If you think of a green salad when you hear the term leafy vegetables, you’re right. But what about all the other leafy greens you see at the grocery store, but seldom buy? Leafy greens, including kale, spinach, turnip greens and others, are power houses of nutrition. They contain ample vitamins, minerals and phytochemicals, those plant compounds known to fight diseases, including cancer.
In fact, several studies have shown that a steady diet of leafy greens offers protection against gastric cancer and ovarian cancer. Leafy greens are high in vitamin A, which researchers believe is necessary for maintaining healthy body tissues and fighting off invaders and toxins.
Leafy greens can also reduce your risk of heart disease. One study from the Harvard School of Public Health found that participants who ate one daily serving of leafy vegetables reduced their risk of heart disease by 23 percent.
Eating leafy greens regularly may even help trim your waistline. They’re virtually fat-free and very low in calories, while offering a big helping of nutrition. One cup of raw spinach, for example, has only 7 calories, but 149 mcg of Vitamin A and over 50 grams of calcium!
Using Leafy Greens
Whether you grow your own leafy greens or buy them at the store, select greens with bright green leaves. The smaller leaves are usually more tender and sweet. Wash greens in the sink or in a salad spinner and blot them dry carefully with a paper towel. Store them in the refrigerator in a perforated plastic bag for three to five days.
Almost any leafy green can be used in a salad, but there are hundreds of other ways to use them as well. Add them to stews and soups, steam or stir-fry them or roast them in the oven for two to three minutes. Check out the cookbook Greens, Glorious Greens! for inspiration. Regardless of the cooking method, leafy greens need only a few minutes to tenderize them. Overcooking them makes them turn bitter. Add a splash of olive oil, balsamic vinegar and a dash of kosher salt and you’ve got a delicious and nutritious dish.
Types of Leafy Greens
Peppery arugula adds a nice kick to any salad. Smaller leaves tend to have a milder flavor. It can also be sautéed and used like spinach in various recipes.
This salad green can only be described as pretty. It has greenish-yellow leaves and a sweet, delicate flavor. Bibb lettuce is more expensive to buy than other lettuces, probably because it’s a bit more difficult to grow. In the home garden, it readily turns bitter when temperatures rise.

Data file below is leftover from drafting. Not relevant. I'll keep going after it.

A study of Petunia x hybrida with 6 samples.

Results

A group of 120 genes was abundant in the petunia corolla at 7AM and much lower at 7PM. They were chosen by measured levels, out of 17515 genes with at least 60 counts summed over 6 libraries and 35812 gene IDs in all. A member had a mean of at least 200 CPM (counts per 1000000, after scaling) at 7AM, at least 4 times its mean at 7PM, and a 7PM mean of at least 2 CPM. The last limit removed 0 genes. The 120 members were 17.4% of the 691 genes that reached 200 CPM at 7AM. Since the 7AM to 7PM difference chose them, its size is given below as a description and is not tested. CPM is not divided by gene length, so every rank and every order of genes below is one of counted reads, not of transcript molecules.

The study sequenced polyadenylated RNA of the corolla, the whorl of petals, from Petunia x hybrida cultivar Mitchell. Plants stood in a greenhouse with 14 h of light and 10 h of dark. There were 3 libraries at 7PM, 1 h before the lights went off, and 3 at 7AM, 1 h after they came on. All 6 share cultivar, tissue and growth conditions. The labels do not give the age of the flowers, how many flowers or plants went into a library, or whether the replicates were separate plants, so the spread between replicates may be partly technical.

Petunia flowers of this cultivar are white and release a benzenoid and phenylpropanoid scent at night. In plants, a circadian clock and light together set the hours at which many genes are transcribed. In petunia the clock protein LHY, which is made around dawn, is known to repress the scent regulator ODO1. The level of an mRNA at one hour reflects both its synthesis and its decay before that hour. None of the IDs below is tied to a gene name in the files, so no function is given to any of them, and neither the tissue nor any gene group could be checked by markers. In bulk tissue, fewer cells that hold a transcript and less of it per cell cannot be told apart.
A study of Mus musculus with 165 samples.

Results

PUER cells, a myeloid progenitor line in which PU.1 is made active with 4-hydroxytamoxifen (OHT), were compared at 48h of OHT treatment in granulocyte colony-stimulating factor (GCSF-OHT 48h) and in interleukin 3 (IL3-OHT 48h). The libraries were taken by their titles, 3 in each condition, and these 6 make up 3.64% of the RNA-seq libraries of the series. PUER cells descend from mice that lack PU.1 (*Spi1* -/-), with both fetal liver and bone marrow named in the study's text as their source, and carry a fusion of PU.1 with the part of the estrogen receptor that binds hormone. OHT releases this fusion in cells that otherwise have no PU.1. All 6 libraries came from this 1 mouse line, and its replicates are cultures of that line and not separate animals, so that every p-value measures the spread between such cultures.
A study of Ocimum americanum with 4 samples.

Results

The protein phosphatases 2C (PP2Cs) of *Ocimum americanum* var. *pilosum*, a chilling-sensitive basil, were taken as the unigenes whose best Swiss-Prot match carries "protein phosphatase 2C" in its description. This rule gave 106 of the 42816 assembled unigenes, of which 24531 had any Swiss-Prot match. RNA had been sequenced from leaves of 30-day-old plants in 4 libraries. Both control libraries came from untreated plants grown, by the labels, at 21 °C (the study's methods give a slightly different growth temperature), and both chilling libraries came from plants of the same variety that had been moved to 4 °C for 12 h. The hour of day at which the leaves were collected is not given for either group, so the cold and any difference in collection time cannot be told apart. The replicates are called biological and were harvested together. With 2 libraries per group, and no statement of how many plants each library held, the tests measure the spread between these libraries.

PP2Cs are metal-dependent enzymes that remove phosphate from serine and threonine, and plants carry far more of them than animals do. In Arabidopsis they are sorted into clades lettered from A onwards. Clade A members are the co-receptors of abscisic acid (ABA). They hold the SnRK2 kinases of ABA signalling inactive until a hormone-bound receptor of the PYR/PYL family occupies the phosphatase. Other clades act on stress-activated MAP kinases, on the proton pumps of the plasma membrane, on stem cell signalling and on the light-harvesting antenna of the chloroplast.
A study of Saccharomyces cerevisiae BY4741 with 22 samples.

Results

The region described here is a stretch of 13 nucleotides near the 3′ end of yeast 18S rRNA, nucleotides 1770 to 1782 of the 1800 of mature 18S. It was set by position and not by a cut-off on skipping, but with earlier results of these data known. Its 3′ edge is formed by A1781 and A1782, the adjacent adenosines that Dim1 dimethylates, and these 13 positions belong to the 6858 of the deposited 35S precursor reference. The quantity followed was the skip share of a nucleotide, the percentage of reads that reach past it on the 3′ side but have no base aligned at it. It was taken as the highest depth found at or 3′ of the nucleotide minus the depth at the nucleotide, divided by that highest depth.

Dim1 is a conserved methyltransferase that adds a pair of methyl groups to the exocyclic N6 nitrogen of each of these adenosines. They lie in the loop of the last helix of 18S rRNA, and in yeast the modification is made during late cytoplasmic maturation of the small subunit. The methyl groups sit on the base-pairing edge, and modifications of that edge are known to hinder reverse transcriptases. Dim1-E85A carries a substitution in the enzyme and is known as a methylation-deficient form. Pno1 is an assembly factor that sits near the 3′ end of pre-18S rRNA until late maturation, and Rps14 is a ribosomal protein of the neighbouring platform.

Eat these raw or steam them lightly and top them with a dab of butter. Beet greens have a robust flavor. Beets are an excellent crop for the home gardener. They grow easily in most conditions and you get two crops from one plant!
The darling of the South, collard greens thrive in slightly cool weather, making them a good fall or spring crop. They are ready to harvest in 40 to 80 days.
Who knew the menace of your yard could be so tasty? Dandelion greens are delectable in early spring. Add them to salads or sauté them gently. One serving contains 275 mcg of Vitamin A. Don’t eat greens that have been treated with herbicides, though.
Similar to collard greens, kale prefers cool temperatures. Spray kale with cooking spray and roast it in a hot oven for a few minutes.
Along with kale and collard greens, mustard greens can help reduce your cholesterol levels. They pack the most benefits when lightly cooked, rather than raw.
Also known as broccoli rabe, rapini is commonly used in Italy and throughout the Mediterranean. It has a nutty, slightly bitter taste that resembles broccoli.
A favorite in salads, romaine lettuce is crisp and hardy, and stands up well to dressings and salad toppings.
One of the most reliable leafy greens for the home garden. Choose the smooth-leafed kind for easier washing. Wash spinach two or three times to remove the sand and grit that sticks to it.
Chards come in a rainbow of colors. The tender stalks are edible, as well as the leaves.
Similar to beets, turnip greens have a robust flavor, which improves with a touch of frost.
Want to learn more about green leafy vegetables?
Don’t miss these resources:
Leafy Green Vegetables from University of Virginia
Growing Leafy Greens in the Home Garden from University of Illinois Extension.
A Visual Guide to Cooking Greens from Epicurious
Did we miss any leafy greens? Leave a comment and let us know!